So I'm in South Central Los Angeles recruiting cannabis social equity applicants to partner with ONE Cannabis as we prepare to submit applications for social equity licenses. If you don't know what that is, you can learn more on my previous blogs. If you don't know where south central LA is, it's the inner city of LA. It's pretty much ground zero for the War on Drugs and the movie set for most every gangster related movie from "Boyz N The Hood" to "Straight Outa Compton". It's the real deal.
It's also where I receive an education on bias and prejudice on a daily basis - an education I never really knew I needed, but no one ever really believes they do.
It’s also a two way street as most of the applicants I meet don't know many, if any Jews. I’m definitely the first rabbi most have met. There’s genuine interest, affection and growth - lots of growth - in every encounter. One day I'll write a book on it, and be assured, it will be filled with revelations and inspirations, faux pas and outright idiotic, can't-make-this-stuff-up-if-you-tried moments and mistakes - like this one….
After a long day of interviewing applicants I'm ready to head back to my hotel. This is my fifth or sixth visit so I know the drill. I'll call an Uber, wait outside (cautiously) and invariably the Uber driver will show up and say something like, "you aren't from here are you?" The stereotypes (albeit true this time) cut both ways.
This time, as I'm waiting for the Uber, I can hear it before I can see it. Swerving around the corner, with base thumping and driver pumping, a pimped out Honda arrives. As the car gets closer I can see a young Hispanic guy with quite a few tattoos. That's all I "know," but that's all I need to know to start formulating a story in my head. Here’s the story plot line so far:
Young Hispanic kid
Likes pimped out Honda’s, loud rap music and serious tatts
And it’s pretty clear, he’s not the most serious, nor the most professional Uber driver I’ve ever met - this is gonna be one noisy ride.
At least that's the story that's going through my head.
So, I get into the car and the moment I do, all my preconceptions turn into misconceptions, none of which turn out to be true.
The only thing that's loud is the noise in my head, not the sounds from his stereo. The music is off even before I get in. He's thoughtful, not rude.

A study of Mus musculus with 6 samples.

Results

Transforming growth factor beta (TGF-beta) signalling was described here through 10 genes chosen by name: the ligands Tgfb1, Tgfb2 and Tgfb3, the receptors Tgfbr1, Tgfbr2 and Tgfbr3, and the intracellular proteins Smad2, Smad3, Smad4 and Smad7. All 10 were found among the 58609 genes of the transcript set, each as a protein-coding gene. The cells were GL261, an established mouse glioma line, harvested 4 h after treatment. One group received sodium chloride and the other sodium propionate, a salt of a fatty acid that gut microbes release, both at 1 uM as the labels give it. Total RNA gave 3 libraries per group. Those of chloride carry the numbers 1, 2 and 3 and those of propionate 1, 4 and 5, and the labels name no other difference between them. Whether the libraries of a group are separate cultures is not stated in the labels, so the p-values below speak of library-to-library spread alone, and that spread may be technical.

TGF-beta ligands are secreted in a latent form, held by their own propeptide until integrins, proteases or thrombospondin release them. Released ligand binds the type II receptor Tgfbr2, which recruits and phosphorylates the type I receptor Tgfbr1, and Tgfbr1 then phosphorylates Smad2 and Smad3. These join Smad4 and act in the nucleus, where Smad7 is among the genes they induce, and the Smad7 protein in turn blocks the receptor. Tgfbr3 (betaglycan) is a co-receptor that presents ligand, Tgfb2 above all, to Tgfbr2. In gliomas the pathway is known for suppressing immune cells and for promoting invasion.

He's not Hispanic, he's Latino (from Brazil, and yes white people, there is a difference).
He's not a kid. He's in his thirties working two jobs to take care of his wife and kids.
He's courteous, not unprofessional, as he asks if I'd mind if he turns back up the music. “Or,” he says, “I have some magazines back there for you if you’d prefer to read.” The magazines, by the way, were Psychology Today and another on mindfulness practice (ya, I’m feeling like a real shmuck today).
"OK," I think to myself. "I was wrong about the first couple of assumptions, but I was right about loud rap music - just wait, here it comes."
And just like that, every one of my assumptions was wrong. He's a big fan not of Grand Master Flash but Grand Master Beethoven, not Sir Mix-a-Lot, but Sir Mozart.
"Do you mind if we listen to classical?" he politely asks. “Honestly,” I say, “I’m more O.G. rap (which I am - regardless of the story you are telling yourself about me!). “But I could use an education. Who are we listening to?”
And just like that, I went from shmuck to student and we went from strangers to friends.
People are complex. People are unique. People are people and deserve to be judged on who they are, not what they look like, the music they listen to, the car they drive or the magazines they do or don’t read. Certainly people are not the stories we tell ourselves about them. In fact, the only thing those story reveal is who we are, not who they are or who we think they ought to be.
Just another day in the Hood where I'm receiving a whole new type of education about preconceptions and misconceptions and stereotypes coming through loud and clear on the stereo.